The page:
Buy-side traders have welcomed the Hong Kong launch of LMAX Exchange, a UK-based platform that aggregates foreign-exchange liquidity, saying it will help smaller funds access flows.
As a broker licensed by the Securities and Futures Commission, LMAX Hong Kong offers institutional and professional firm-limit order FX liquidity in more than 60 currency pairs. Scott Moffat, chief operating officer of LMAX Exchange, is heading the Hong Kong operation as an executive director.
The platform is likely to be suitable for hedge funds, asset management boutiques and broker-dealers, said the Asia head of trading at a large international fund house.
He said his firm would not use it because it already has access to the best FX prices and liquidity, thanks to its counterparty relationships and high trading volumes.
But he saw LMAX gaining traction in the region among smaller firms, as it allowed them to access attractive FX prices regardless of their trading volumes or credit rating. Moreover, few platforms are looking to offer flows aggregation using a similar approach, he added.
Philip York, a Hong Kong-based veteran trader at advisory firm Alt 224, was also positive on LMAX’s move, but said it would take some time for the platform to build a cost-effective business in the region.
“The FX market is very big in aggregate, but it’s so fragmented that if you try to put a large block through a single bank you effectively have to pay for it to be spread around the market,” said York. “So the potential to aggregate FX participants at low cost is a welcome alternative."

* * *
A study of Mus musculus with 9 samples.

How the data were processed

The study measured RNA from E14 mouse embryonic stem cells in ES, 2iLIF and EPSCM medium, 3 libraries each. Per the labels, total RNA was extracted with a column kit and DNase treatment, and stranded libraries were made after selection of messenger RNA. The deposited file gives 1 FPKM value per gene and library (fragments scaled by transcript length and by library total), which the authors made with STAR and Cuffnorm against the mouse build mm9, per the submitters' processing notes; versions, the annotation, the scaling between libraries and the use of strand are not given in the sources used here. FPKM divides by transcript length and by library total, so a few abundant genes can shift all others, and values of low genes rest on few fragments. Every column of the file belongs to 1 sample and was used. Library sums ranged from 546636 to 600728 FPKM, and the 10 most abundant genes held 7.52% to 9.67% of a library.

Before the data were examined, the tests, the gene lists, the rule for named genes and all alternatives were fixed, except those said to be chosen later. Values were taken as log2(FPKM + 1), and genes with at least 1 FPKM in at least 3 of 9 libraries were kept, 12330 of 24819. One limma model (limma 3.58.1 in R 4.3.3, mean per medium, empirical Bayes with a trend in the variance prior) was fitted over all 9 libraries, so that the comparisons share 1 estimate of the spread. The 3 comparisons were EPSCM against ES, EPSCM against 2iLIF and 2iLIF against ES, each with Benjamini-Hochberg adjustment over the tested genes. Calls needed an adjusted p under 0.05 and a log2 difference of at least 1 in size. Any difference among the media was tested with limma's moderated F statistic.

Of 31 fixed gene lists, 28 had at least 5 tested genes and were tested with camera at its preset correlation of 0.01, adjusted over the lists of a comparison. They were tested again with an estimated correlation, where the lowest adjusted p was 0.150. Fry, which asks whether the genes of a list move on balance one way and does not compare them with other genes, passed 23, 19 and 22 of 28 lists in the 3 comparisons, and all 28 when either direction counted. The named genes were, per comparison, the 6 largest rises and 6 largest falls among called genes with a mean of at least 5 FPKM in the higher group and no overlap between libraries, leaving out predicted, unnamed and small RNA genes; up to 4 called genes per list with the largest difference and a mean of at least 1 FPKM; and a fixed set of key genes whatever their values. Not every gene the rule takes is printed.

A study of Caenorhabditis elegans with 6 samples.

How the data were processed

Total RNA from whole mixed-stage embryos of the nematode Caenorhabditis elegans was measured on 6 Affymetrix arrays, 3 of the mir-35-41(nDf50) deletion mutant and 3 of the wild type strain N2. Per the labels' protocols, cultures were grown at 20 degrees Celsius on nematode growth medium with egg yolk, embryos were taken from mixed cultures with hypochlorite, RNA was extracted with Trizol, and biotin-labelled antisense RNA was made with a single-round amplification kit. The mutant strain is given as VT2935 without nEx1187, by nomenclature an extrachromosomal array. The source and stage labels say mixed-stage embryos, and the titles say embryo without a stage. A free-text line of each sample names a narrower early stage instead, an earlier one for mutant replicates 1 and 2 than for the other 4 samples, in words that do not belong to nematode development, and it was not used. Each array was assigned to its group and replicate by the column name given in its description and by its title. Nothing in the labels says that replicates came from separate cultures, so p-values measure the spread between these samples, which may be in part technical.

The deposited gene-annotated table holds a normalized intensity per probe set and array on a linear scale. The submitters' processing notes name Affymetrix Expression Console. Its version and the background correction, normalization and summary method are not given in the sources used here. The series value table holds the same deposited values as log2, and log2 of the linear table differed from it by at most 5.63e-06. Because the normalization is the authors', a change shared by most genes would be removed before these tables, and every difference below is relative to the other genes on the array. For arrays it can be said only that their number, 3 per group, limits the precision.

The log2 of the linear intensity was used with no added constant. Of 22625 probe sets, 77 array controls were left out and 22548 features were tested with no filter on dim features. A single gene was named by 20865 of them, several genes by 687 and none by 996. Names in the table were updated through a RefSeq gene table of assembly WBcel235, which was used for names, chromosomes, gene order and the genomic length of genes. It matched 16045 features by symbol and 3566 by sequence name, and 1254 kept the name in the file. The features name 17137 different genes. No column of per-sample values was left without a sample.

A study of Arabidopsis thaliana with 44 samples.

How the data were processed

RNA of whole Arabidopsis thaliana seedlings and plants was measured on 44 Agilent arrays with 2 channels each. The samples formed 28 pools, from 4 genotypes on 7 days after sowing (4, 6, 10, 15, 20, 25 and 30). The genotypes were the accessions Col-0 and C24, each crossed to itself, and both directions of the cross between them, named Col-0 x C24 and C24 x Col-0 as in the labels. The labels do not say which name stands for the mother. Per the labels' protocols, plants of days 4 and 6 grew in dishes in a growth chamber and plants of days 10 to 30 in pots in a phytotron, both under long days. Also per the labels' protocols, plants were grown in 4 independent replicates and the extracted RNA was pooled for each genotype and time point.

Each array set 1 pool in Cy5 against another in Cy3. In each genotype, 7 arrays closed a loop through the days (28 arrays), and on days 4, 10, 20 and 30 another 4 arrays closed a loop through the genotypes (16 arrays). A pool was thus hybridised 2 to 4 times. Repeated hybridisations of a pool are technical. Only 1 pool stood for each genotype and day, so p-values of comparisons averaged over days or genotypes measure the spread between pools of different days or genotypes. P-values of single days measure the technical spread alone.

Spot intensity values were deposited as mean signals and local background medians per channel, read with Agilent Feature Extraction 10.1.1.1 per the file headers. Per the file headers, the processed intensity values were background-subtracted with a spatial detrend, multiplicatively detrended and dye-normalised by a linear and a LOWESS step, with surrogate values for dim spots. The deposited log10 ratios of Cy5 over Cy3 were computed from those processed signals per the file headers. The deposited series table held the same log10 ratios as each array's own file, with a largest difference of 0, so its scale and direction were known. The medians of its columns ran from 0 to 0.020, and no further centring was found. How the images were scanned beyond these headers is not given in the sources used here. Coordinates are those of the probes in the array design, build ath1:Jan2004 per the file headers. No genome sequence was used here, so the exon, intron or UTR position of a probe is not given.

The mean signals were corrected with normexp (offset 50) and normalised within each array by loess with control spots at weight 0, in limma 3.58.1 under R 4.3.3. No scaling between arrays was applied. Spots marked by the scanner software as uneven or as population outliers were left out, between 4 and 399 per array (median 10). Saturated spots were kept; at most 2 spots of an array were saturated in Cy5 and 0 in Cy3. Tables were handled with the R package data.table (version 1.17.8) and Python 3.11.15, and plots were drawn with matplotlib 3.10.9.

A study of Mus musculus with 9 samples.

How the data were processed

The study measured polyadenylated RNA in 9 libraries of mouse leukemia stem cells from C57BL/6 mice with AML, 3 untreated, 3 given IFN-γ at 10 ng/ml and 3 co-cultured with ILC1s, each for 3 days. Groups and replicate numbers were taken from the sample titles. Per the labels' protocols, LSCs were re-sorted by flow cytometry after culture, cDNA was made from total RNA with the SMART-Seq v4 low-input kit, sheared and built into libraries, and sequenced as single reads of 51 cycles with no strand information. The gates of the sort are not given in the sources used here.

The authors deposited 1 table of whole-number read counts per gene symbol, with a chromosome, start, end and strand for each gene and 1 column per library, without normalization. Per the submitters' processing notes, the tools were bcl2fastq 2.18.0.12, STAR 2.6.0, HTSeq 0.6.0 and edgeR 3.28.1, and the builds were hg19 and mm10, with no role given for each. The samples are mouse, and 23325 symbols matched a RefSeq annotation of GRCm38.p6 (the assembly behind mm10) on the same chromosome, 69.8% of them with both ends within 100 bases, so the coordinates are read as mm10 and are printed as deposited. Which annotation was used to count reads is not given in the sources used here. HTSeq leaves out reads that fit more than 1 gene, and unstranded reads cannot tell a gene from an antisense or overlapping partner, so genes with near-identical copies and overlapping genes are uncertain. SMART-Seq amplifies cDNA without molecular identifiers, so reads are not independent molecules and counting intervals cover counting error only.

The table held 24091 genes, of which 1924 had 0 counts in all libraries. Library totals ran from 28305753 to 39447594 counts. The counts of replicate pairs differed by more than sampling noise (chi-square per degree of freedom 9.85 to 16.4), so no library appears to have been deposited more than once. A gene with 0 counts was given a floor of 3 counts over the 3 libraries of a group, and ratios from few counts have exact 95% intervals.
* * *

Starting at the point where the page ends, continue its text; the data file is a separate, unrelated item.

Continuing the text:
He added: “The [currency-trading] volume in this region is very small, but they are doing it to provide a complete global service. So I don’t see it as being cost-effective initially, but they will get there.
“Asian volume at this point is a very small part of LMAX’s turnover, but you have to have an office here if you want to get traction.”
The main competitors to LMAX are the big brokers and also electronic platforms providing access to liquidity feeds, such as Currenex, 360T and Hotspot FX. LMAX could in theory offer a link to such feeds, added York, but currently they are also rivals.
LMAX’s Hong Kong launch comes soon after its addition of a new matching engine in Tokyo last month, allowing it to offer the same low-latency execution of under 4 milliseconds in Asia Pacific as it does elsewhere.